Sam’s Blog will be a weekly addition to the US Youth Soccer Blog. Sam Snow is the Director of Coaching Education for US Youth Soccer.
Soccer in the United States has progressed tremendously over the last 30 years. Yesterday, I walked into a restaurant in Warwick, R.I., and several televisions were tuned to the United States versus Ecuador men’s national team match.
I was struck by several revelations at once. First, that the match was on at all on a Sunday afternoon. It was not long ago that to see a United States match on TV you’d have to be a night owl and the broadcast would be often interrupted with commercials. Now this international friendly was on broadcast television without commercials during the match. Also, the commentators actually knew the difference between a corner kick and a goal kick and that you don’t head butt the ball.
I was also struck by the fact that the match was already playing on four TVs in the restaurant and my party, the soccer people, didn’t have to make a special request of the restaurant manager to get the game on. What’s more no other patrons complained about that foreign sport being on. As I watched the match I was impressed with the ever-improving abilities of our national team to compete internationally. Twenty or 30 years ago, we would have struggled to score a single goal against a talented team like Ecuador and now we control much of the match and score three goals.
The United States players on the pitch all play professionally, either domestically or overseas. Wow! There’s a large number of Americans playing abroad; once that number could be counted on one hand. Here at home, we have healthy professional and semi-professional teams both indoor and outdoor. Many of their matches are played in soccer stadiums. Holy kick-off batman! Soccer specific stadiums in North America are becoming the expectation. Some of those even have ancillary facilities to support local amateur soccer.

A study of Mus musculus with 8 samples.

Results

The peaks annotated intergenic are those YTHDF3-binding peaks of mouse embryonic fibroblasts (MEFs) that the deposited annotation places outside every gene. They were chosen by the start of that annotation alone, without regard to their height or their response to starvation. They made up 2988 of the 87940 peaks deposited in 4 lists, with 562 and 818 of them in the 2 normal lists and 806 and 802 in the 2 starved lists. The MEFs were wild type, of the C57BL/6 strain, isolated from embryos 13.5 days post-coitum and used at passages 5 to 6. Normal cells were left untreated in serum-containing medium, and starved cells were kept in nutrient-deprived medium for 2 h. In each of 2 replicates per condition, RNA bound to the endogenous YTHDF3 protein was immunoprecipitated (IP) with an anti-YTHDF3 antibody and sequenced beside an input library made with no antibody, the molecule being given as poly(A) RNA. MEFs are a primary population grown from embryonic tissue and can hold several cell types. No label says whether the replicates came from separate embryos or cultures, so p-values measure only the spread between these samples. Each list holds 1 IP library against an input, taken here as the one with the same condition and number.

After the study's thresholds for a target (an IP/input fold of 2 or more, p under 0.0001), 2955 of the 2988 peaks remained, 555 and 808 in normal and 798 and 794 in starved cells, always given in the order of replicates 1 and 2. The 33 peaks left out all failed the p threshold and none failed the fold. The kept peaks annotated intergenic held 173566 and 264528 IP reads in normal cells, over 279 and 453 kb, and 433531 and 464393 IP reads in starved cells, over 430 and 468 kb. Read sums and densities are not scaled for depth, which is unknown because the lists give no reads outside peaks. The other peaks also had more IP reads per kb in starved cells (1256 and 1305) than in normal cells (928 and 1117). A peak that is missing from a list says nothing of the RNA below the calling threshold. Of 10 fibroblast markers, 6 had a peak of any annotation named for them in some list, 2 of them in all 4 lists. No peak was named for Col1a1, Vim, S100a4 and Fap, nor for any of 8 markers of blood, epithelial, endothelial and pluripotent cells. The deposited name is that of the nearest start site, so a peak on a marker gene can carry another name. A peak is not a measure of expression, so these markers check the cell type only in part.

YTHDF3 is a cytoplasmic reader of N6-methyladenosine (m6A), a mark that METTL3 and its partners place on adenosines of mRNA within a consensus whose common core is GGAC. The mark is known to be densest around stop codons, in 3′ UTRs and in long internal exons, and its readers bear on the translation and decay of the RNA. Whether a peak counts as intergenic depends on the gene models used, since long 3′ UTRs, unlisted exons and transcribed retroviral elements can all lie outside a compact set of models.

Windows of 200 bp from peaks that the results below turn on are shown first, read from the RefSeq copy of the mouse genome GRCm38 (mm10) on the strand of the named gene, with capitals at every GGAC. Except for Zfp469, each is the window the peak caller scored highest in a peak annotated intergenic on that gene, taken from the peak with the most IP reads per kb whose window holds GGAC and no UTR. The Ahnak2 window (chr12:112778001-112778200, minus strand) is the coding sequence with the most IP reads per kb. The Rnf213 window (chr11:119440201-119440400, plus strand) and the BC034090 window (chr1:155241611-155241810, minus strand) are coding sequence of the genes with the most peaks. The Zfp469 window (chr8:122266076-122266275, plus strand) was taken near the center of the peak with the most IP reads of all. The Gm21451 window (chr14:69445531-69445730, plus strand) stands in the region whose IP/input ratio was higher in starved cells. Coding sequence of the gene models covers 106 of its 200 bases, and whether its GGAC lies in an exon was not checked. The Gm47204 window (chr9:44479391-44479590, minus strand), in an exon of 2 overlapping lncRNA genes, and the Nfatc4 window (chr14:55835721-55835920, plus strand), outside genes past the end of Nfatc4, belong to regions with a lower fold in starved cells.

As I travel across our nation, I am continually impressed by the quality and quantity of our soccer facilities. If you build it they will come. No, they were already here. They played in parks, on the outfield of a baseball diamond, in a parking garage, someone’s yard, the beach, the mowed down corn filed, the vacant lot or the field the high school football team wouldn’t use and was sometimes used as a parking lot. Yes, they were already out there playing and because they were already playing, we built it. We now have soccer facilities to accommodate literally millions of players.
Now-a-days they will stay up till 3 o’clock in the morning to watch a live telecast of a World Cup match. And will do so in Nielson eye catching numbers. Not so long ago, you would have to drive to a distant city and pay to go in a theater to watch a closed-circuit telecast of a World Cup match. If the established order had been thinking they could have imprisoned all ‘those soccer nuts’ in one place. They, WE, have come a long way with the growth and acceptance of our sport. The soccer bashers, who once seemed to be more plentiful than stars in the sky, are now a minority.
Some sort of soccer reference shows up in more TV shows and commercials than ever before. Even Hollywood is in on the act with soccer movies. The Game of Their Lives… what a tribute to our 1950 team! Whether they care for it or not the majority of Americans know the World Cup takes place. Even the WNBA owes thanks for its acceptance to the groundbreaking success of the 1999 U.S. Women’s National Team on national television.
I bet that if the Battle of the Superstars was still going on that more soccer players would be standing next to Kyle Rote, Jr., as a champion. Alright, I really aged myself there. See you next week on this same bat channel.